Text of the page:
2019-04-29 08:39:24 • ID: 2095
Phylogeny and Convergence in Lithic Technology
figures 1 and 2 show a 9 cm long classic "Quina" scraper made of homogeneous jasper, found in the Western Sahara more than 50 years ago.
Similarities in two distinct technological traditions can be either indicate a common ancestral tradition (Homologies) or are the result of several traditions independently having invented tools with similar forms and/or functions (Convergence).
Without little doubt the artifact of this post is a convergence phenomenon to similar Quina-artifacts in S/W-France.
Overall, there is much evidence to suggest that convergence is much more common than expected and that it can take place at different scales, from particular artifact traits to overall tool shapes, as well as in manufacture techniques.
For the Middle Paleolithic / MSA this holds true for different prepared core techniques, either emerging from the Acheulian or "de novo" of convergent tools, often called "Points"- to name just two prominent examples.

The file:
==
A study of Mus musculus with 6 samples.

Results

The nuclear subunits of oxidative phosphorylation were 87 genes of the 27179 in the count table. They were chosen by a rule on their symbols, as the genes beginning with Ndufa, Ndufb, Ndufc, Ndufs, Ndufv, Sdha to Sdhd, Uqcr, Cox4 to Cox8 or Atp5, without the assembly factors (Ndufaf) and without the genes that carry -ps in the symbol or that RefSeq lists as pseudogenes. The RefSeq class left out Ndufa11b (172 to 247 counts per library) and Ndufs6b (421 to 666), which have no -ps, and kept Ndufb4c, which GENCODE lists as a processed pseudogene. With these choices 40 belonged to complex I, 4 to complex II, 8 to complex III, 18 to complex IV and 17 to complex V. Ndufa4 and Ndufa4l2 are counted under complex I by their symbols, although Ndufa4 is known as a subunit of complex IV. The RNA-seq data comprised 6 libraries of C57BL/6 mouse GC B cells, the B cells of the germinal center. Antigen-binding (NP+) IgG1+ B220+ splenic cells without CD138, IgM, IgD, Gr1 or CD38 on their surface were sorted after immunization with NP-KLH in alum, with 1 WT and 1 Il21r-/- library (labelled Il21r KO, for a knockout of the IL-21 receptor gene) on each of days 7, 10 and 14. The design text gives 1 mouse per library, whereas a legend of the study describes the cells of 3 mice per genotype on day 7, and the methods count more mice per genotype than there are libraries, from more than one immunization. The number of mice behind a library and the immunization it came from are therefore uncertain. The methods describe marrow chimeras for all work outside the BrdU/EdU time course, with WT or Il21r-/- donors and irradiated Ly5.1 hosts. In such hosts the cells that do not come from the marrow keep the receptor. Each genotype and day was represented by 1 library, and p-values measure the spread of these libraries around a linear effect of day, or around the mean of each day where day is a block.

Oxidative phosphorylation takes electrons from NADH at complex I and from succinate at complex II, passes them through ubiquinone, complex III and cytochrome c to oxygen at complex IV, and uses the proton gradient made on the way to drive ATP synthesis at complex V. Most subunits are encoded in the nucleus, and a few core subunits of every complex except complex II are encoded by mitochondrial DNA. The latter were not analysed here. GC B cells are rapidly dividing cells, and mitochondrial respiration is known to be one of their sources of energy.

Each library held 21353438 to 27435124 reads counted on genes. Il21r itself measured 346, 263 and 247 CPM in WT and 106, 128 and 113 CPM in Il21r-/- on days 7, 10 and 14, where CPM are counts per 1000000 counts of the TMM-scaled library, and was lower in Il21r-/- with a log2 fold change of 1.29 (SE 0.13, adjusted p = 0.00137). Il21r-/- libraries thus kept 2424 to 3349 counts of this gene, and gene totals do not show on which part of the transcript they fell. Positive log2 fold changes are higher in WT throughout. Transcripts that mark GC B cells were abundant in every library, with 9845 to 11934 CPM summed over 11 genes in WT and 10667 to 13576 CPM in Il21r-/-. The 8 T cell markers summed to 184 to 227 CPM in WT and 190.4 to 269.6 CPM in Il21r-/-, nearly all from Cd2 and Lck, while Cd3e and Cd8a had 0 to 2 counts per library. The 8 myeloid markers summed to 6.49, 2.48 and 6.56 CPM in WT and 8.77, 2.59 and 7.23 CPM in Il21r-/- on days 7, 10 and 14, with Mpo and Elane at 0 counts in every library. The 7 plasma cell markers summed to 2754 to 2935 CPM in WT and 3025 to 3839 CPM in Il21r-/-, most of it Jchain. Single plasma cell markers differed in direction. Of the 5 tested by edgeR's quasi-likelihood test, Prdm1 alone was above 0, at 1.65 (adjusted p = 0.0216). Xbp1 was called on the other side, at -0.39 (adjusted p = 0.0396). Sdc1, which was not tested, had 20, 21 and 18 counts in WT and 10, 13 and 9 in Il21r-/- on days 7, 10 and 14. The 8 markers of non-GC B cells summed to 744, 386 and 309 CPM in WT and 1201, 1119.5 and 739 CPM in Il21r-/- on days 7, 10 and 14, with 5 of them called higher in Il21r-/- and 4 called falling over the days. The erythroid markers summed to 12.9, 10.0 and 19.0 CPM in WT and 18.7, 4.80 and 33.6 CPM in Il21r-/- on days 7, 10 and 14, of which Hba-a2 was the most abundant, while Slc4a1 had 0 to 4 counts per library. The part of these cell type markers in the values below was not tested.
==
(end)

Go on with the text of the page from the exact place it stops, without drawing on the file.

In the Archaeological record there are diagnostic clues for convergence:
- large spatial distance between similar tools or techniques
- a considerable chronological gap between similar tools or techniques
- specific variance between the tools beyond replication failure
The distance between the Western Sahara and S/W-France speaks for convergence, especially regarding the absence of a common ancestral Quina" tradition around the Mediterranean.
Suggested Reading: Convergent Evolution in Stone-Tool Technology edited by Michael J. O’Brien, Briggs Buchanan, and Metin I. Eren (Vienna Series in Theoretical Biology) . The MIT Press. A wealth of information about this important issue!